Each year, the Rowley Fire Department responds to numerous grill fire emergencies, many of which could easily be avoided by practicing safe outdoor cooking and proper grill maintenance.
“Remember that in most cases, people are cooking with propane gas – which can be explosive and dangerous if not properly handled,” said Rowley Fire Chief James Broderick. “Propane tanks and grills have many safeguards – but things can quickly go wrong if people don’t use caution.”
As Memorial Day approaches and more people are getting their grills out of storage in preparation for holiday cookouts and the summer season, the Rowley Fire Department is reminding residents to use care and caution when barbecuing outdoors.
In 2003-2006, U.S. fire departments responded to an average of 7,900 home fires involving grills, hibachis or barbecues per year, including an average of 2,900 structure fires and 5,000 outside fires, according to the National Fire Protection Association (NFPA). During this period, there were an average of 10 deaths, 120 reported injuries and $80 million in direct property damage each year.
It’s important to note that gas grills account for the majority of fires. Nationally, gas grills are used 1.5 times more often than charcoal grills, but were involved in five times as many fires. Gas grills directly led to 6,400 home fires, including 2,100 structure fires, and 4,300 outdoor fires, according to the NFPA.
Town firefighters routinely respond to grill fires during the hot summer months, Broderick said.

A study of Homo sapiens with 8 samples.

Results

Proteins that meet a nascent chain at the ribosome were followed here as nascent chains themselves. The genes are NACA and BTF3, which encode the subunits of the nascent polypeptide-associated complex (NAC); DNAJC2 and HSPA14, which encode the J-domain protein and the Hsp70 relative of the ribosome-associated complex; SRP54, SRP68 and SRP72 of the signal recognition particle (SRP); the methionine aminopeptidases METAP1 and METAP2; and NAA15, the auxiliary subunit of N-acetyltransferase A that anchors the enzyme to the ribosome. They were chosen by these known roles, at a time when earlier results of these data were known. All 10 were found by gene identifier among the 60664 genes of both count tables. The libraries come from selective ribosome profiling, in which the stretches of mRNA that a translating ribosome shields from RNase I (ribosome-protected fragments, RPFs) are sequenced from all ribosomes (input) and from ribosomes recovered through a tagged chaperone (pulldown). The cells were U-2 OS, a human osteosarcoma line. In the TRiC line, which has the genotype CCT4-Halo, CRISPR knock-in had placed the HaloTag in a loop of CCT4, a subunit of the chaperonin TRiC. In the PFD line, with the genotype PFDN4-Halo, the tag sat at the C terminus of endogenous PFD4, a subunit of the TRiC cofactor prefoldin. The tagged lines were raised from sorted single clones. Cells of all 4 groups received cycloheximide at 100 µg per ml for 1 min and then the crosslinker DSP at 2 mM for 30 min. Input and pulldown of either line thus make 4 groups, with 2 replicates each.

“The most important safety tip is to keep the grill away from your home, patio, or anything flammable,” Broderick said. “Also remember that a hot grill can lead to serious injuries to children and pets.”
If you have a propane-gas grill, it’s important to check the tank hose for leaks before using it for the season, according to the NFPA. To test, apply a light soap and water solution to the hose and turn on the tank. If there is a propane leak, you should see bubbles or smell gas. If your grill has a leak, and there is no flame, turn off the gas tank and have it serviced by a professional. If the gas leak does not stop, call the Fire Department by dialing 911. If you smell gas while cooking, immediately get away from the grill and call the fire department. Do not move the grill.
Other tips for safe outdoor grilling include:
- Always use a propane or barbecue grill outdoors, never inside.
- Keep your grill clean of grease and fat build up. Remember to clean up the drip tray beneath the grill, if you have one.
- Keep your grill away from trees and overhanging branches
- Never leave your grill unattended
If you use charcoal grills, please follow these safety tips:
- If you can avoid the use of flammable fuels, like charcoal starter fluid, it will reduce your risk of accident and fire. Consider using a charcoal chimney starter, which allows you to start your fire with paper rather than flammable liquids.
- In addition to a charcoal chimney starter (available at many hardware stores), there are also electric starter units. Be sure to use a heavy duty extension cord for outdoor use.
- If you do use charcoal starter fuel, then do not use other flammable liquids like gasoline.
- Remember to store charcoal starter fuel away from children and flammable materials
- Let your coals completely cool before removing.
The Rowley Fire Department is located at 7 Hammond St., Rowley, MA. The department consists of three full-time firefighters, including the Fire Chief, and about two dozen call firefighters. The Rowley Fire Department responds to hundreds of calls per year. For more information, visit RFD on the Web at www.rowleyfire.org or follow the latest department news on Facebook and Twitter.